The Value of Knowing Your T1 Baseline
T1 cyclist Mari Ruddy wants to ride 100 miles by bike. She’s going to need to study her diabetes to do it.
Blood, Sweat, and Diabetes
The time has come. I want to be accountable, so I’m telling you about my goal. I’m going to ride a 100 mile Tour de Cure bike ride for the American Diabetes Association in June 2014. Mark that down.
Goals drive me to stay healthy. When I was 30, my A1C was almost 12.8, so I set a goal to get it under control. I went on an insulin pump and started exercising with a personal trainer. In 6 months, I got my A1C to a normal range, and I learned first-hand about the power of having a wellness plan for diabetes. For me, such a plan includes having an athletic goal which gives me something physically active to accomplish.
Over the years I’ve had all sorts of athletic goals, including riding 400 miles across Colorado and doing a Half Ironman triathlon in Texas, but this newest goal is special. I haven’t committed myself to a big endurance event since I was diagnosed with cancer for the second time in July 2010. It might seem like I would have enough on my plate, but I am happiest and healthiest when I have a clear goal ahead of me, so I’m taking a deep breath and making plans to do 18 weeks of training to get ready.
The first part of any athletic training is referred to as the base, for baseline. In this phase, I work on building my slow twitch muscles, which help with endurance. I do this by riding in a zone that keeps my pedaling heart rate always under 75% of my maximum heart rate. Doing this allows my heart to become more efficient and it teaches my body how to conserve glycogen stores within the muscles and vital organs. Base training also increases the efficiency of my respiratory system by increasing the number and complexity of vascular capillaries transporting oxygen-rich blood to the working muscles. Blood vessels become larger and more flexible, making it easier for the blood to flow. Over time this will make me stronger and faster, which I really like to be!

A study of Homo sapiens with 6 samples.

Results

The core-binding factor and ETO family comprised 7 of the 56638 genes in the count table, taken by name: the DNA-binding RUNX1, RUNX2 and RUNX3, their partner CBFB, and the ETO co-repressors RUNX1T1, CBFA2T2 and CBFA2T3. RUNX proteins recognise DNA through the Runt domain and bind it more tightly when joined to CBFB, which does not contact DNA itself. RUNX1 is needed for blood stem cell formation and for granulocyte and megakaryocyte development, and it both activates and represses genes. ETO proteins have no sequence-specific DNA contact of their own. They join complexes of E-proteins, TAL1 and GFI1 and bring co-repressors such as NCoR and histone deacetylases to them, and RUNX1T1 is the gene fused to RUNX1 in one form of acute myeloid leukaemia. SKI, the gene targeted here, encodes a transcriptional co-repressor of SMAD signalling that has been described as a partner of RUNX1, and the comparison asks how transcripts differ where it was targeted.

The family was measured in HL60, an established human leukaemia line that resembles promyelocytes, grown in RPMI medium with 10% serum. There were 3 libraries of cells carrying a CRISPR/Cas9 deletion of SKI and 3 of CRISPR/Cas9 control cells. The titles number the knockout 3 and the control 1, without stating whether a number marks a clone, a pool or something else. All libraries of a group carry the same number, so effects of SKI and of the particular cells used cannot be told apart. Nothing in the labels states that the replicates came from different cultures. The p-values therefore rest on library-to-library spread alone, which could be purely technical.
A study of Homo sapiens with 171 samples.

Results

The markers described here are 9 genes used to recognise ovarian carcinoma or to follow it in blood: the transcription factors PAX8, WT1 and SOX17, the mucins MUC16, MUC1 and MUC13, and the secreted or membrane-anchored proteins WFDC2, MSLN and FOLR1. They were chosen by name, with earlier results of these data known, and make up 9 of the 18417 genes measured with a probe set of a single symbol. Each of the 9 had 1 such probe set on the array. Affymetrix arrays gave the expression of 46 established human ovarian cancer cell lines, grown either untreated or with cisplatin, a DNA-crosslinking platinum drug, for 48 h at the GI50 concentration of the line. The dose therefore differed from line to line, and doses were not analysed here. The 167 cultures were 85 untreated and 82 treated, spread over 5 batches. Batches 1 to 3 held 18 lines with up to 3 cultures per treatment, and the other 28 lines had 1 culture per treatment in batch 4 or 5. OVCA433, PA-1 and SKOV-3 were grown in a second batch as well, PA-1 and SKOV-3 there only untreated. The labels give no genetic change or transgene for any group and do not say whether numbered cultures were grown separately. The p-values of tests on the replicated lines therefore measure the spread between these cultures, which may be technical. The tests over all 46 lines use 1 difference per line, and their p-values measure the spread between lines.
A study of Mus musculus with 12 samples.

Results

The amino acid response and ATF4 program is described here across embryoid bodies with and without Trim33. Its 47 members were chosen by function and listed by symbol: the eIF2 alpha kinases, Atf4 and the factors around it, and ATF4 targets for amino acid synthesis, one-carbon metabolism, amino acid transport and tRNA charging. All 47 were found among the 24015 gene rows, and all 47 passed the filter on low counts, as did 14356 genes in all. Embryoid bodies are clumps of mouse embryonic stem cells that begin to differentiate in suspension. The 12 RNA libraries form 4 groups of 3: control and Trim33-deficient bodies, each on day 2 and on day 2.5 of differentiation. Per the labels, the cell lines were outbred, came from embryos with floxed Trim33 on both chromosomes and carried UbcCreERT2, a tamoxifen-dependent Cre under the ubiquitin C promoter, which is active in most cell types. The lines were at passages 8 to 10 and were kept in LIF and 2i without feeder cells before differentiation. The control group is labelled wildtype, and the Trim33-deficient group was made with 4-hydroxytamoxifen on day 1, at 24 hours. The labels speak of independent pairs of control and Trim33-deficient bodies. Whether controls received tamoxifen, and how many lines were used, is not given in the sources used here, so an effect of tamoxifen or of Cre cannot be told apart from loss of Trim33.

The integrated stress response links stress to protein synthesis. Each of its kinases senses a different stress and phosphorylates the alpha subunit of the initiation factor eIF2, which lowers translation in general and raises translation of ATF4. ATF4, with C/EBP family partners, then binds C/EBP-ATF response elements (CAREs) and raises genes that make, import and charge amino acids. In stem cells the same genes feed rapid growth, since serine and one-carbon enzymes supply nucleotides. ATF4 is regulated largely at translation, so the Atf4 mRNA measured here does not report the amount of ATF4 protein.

But it’s just as important for me to establish a diabetes base. To do this, I first check the age of my blood glucose meters. I am using the OneTouch Ping, and a OneTouch Mini. Both are under a year old and good to go. (It’s important to update meters at least every 2 years, for accuracy.) I also review how my body interacts with the insulin I use, which is Novolog. For me, it starts working within 15 to 20 minutes of taking it, peaks in about 90 minutes, and lasts in my system for about 4 hours. It’s critical for every athlete with diabetes to intimately understand the insulin you use, and to know that there can be slight variations from person to person. Knowing the actions of your insulin gives you important information about how much insulin on board (IOB) you have at any given time. During a long endurance event, such knowledge is power.
Another important part of establishing my diabetes base is to do basal testing to make sure my basal rates are dialed in as I go deeper into my training. I’m starting overnight basal testing with my Animas insulin pump. To test if my current basal rates are accurate, I ate dinner at 5:30 PM and took a full bolus for the 50 grams of carbs I ate. I ate a dinner which I knew I would be able to accurately bolus. Then all evening, I watched my continuous glucose monitor to see if things held steady. Doing basal testing isn’t all that much fun, and I likely will need to do more than one night of it. And once I have my nighttime rates dialed in, I’ll have to work on testing my daytime basal rates.
It’s a slow process to get all this information, but just like the athletic base-building process, it’s worth it. Establishing a baseline will allow me to make more accurate basal adjustments as my fitness improves. This, in turn, will allow me to perform better on my training rides and on the official ride day. So it may be methodical, but it’s the best path forward towards meeting my goal.